Japanese life insurers are still diversifying their investments away from the domestic market at a sedate pace but the incentive to do so more quickly and to take on more risk can only grow the longer yields on government bonds remain depressed.

And right now, that's exactly what appears to be on the cards with no interest rate hikes in sight in neither Japan nor Europe, where there are negligible and even negative risk-free returns, and rate cuts back on the agenda in the US where Treasury yields have turned south again.

Still, Japanese life insurers tend to make more money than their counterparts elsewhere, which affords them something of a cushion.

“The big difference between Japanese life insurers and European – and to a smaller extent US – life insurers is that the underwriting margins from protection life products are much thicker in Japan,” Teruki Morinaga, director of insurance at Fitch Ratings Japan, said. “That means Japanese life insurers are more resilient or will be able to endure the situation longer than their European peers.”

Japan's nine main traditional life insurers' core earnings grew by 5% year on year in the financial year to March-end 2019 (FY19), driven in part by the stable earnings in their underwriting businesses. Better investment returns also helped after they allocated a bigger share of their assets to foreign bonds.

But Japanese life insurers are also seen having to cast a wider net for their risk-adjusted returns, whether that means pushing out across more of the credit spectrum or looking to other asset types.

Much of their focus will remain on the US fixed income market due to its breadth and liquidity, according to Morinaga.

However, with dollar-hedging costs high, Japanese insurers are now either cutting back on US Treasuries and seeking opportunities among high-grade corporate bonds or looking more to the euro area, Australia, New Zealand, Canada, and Scandinavian countries, he said.


Although they have started to diversify, low bond yields in Japan remain the primary threat for Japanese life insurers, as they have to lengthen or at least maintain asset duration to avoid worsening asset and liability duration mismatches, according to Fitch Ratings.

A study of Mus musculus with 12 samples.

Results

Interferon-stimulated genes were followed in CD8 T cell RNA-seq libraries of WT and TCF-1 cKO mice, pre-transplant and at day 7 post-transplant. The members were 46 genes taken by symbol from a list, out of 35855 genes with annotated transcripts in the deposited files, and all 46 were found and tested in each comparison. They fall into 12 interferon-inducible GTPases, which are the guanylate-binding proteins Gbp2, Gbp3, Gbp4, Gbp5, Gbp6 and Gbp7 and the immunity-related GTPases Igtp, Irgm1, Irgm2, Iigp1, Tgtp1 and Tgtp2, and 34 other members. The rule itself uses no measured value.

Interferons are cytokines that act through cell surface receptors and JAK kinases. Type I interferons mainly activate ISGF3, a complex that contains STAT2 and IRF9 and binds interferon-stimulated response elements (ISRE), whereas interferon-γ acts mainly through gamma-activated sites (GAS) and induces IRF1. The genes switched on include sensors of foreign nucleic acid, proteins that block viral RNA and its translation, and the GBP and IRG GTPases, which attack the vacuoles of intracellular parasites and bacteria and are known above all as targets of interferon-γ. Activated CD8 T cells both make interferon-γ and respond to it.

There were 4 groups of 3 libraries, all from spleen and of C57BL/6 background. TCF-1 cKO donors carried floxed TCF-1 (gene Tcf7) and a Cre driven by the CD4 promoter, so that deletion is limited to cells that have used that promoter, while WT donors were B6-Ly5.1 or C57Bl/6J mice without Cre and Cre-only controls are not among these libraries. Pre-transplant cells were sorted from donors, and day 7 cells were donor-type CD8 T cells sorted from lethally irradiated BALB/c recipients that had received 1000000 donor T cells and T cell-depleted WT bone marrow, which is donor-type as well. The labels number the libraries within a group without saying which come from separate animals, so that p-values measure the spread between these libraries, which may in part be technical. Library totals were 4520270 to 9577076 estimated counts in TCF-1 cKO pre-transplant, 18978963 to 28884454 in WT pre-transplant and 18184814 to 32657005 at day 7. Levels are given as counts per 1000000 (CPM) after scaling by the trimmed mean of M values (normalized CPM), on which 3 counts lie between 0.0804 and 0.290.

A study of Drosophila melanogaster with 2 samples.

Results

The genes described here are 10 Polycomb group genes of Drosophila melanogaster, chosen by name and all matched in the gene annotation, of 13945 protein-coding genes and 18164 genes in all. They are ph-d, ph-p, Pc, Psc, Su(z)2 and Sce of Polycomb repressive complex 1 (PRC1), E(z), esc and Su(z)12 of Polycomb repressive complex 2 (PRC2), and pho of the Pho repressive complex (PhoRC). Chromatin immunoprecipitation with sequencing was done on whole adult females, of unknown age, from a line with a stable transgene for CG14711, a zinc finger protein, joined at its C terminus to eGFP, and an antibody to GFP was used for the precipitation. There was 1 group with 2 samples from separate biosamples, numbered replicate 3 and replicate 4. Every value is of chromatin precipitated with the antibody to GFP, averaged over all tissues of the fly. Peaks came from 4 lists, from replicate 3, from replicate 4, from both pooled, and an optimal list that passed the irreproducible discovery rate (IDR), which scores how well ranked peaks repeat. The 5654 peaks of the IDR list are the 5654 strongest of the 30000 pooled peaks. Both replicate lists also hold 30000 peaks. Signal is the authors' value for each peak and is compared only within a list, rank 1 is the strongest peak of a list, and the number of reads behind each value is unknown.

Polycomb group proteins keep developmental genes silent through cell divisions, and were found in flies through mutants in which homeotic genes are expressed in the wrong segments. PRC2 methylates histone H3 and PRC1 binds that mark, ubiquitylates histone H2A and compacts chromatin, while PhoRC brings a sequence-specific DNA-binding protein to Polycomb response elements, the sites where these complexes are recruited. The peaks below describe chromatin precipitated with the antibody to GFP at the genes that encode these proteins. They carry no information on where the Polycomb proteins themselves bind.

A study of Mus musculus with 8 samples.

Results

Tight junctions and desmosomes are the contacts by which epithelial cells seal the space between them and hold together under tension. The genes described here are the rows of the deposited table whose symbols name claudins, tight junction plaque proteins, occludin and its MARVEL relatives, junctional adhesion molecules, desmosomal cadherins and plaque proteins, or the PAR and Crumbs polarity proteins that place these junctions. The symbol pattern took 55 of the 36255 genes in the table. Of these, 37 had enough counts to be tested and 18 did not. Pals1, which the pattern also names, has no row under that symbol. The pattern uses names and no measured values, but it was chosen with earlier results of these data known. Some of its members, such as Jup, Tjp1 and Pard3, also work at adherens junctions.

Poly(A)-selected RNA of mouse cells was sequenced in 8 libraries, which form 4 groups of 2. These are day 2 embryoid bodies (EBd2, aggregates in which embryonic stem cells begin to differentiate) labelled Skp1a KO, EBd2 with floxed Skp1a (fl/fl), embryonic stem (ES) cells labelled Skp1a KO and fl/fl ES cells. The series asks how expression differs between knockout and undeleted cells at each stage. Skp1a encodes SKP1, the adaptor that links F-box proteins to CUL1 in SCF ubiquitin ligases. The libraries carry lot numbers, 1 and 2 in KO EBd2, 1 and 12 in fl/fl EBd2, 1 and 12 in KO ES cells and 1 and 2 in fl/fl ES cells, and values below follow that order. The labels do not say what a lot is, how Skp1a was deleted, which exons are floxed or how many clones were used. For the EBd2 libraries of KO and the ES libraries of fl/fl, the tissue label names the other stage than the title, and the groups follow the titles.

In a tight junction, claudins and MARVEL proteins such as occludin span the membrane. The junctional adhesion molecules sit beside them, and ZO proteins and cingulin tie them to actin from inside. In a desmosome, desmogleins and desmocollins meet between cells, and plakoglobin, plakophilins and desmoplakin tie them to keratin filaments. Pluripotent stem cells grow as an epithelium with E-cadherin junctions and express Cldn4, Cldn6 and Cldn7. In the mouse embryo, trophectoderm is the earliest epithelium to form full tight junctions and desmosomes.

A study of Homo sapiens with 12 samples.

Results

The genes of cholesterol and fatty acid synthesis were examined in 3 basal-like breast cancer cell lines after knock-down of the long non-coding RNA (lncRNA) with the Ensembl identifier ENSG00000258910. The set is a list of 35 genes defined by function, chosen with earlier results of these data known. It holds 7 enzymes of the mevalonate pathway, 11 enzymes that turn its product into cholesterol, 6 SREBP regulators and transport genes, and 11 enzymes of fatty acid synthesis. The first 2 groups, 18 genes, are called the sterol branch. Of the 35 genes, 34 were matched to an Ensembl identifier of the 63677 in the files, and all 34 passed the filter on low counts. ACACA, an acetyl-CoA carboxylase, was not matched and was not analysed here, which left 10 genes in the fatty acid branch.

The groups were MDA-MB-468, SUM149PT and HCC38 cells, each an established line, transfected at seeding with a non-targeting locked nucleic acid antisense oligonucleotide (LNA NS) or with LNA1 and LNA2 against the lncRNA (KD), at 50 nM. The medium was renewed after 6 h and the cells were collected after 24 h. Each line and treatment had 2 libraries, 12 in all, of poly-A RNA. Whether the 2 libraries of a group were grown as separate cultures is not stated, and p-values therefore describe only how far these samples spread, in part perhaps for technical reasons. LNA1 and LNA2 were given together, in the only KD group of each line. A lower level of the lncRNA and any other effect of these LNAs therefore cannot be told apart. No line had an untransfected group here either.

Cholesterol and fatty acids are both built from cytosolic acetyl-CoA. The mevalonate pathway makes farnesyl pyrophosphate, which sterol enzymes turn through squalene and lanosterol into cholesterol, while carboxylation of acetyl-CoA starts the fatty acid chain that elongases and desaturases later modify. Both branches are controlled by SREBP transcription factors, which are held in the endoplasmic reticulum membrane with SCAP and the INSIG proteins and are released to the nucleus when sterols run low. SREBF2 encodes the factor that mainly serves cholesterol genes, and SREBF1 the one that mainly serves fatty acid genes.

Japanese life insurer results for FY19 showed their in-force business – calculated on a European Embedded Value basis – worsened compared with a year earlier. This was mainly due to the persistently low interest rates and further flattening of the yield curve in Japan.

A life insurance company's in-force business is the aggregate value of all the policies in its portfolio, whether paid up or in the process of being paid.

Fitch expects super-low bond yields to continue to restrain the economic capital of Japanese life insurers. Like their Korean peers, they need to meet the economic capital-based regulatory regime that is likely to be introduced in Japan in around 2025 and they will likely struggle to do so if super-low bond yields persist.

On Monday, another rating agency, Moody’s, issued a note on Japan's four largest life insurers: Dai-ichi Life, Meiji Yasuda Life, Nippon Life and Sumitomo Life.

It noted how their core profits benefited from higher interest margins but also warned that their rising overseas investments were a key source of asset risk for their credit profiles.

Insurers' foreign bond and equity holdings rose to 30.4% of general account assets at the end of March 2019, from 29.2% a year ago. Both Moody’s and Fitch expect this gentle upward trend to continue but are wary of the growing risks, especially if Japanese insurers are forced to venture into lower-rated markets in their quest for better yields.

“Until recently, I had heard, for example, countries such as France and Spain were relatively attractive,” Morinaga said. “However, even some middle-risk countries’ government bond yields have declined, so my latest impression is that more Japanese insurers are seeking opportunities in European high-grade corporate bonds market [in] alliance with European asset management companies, for instance.”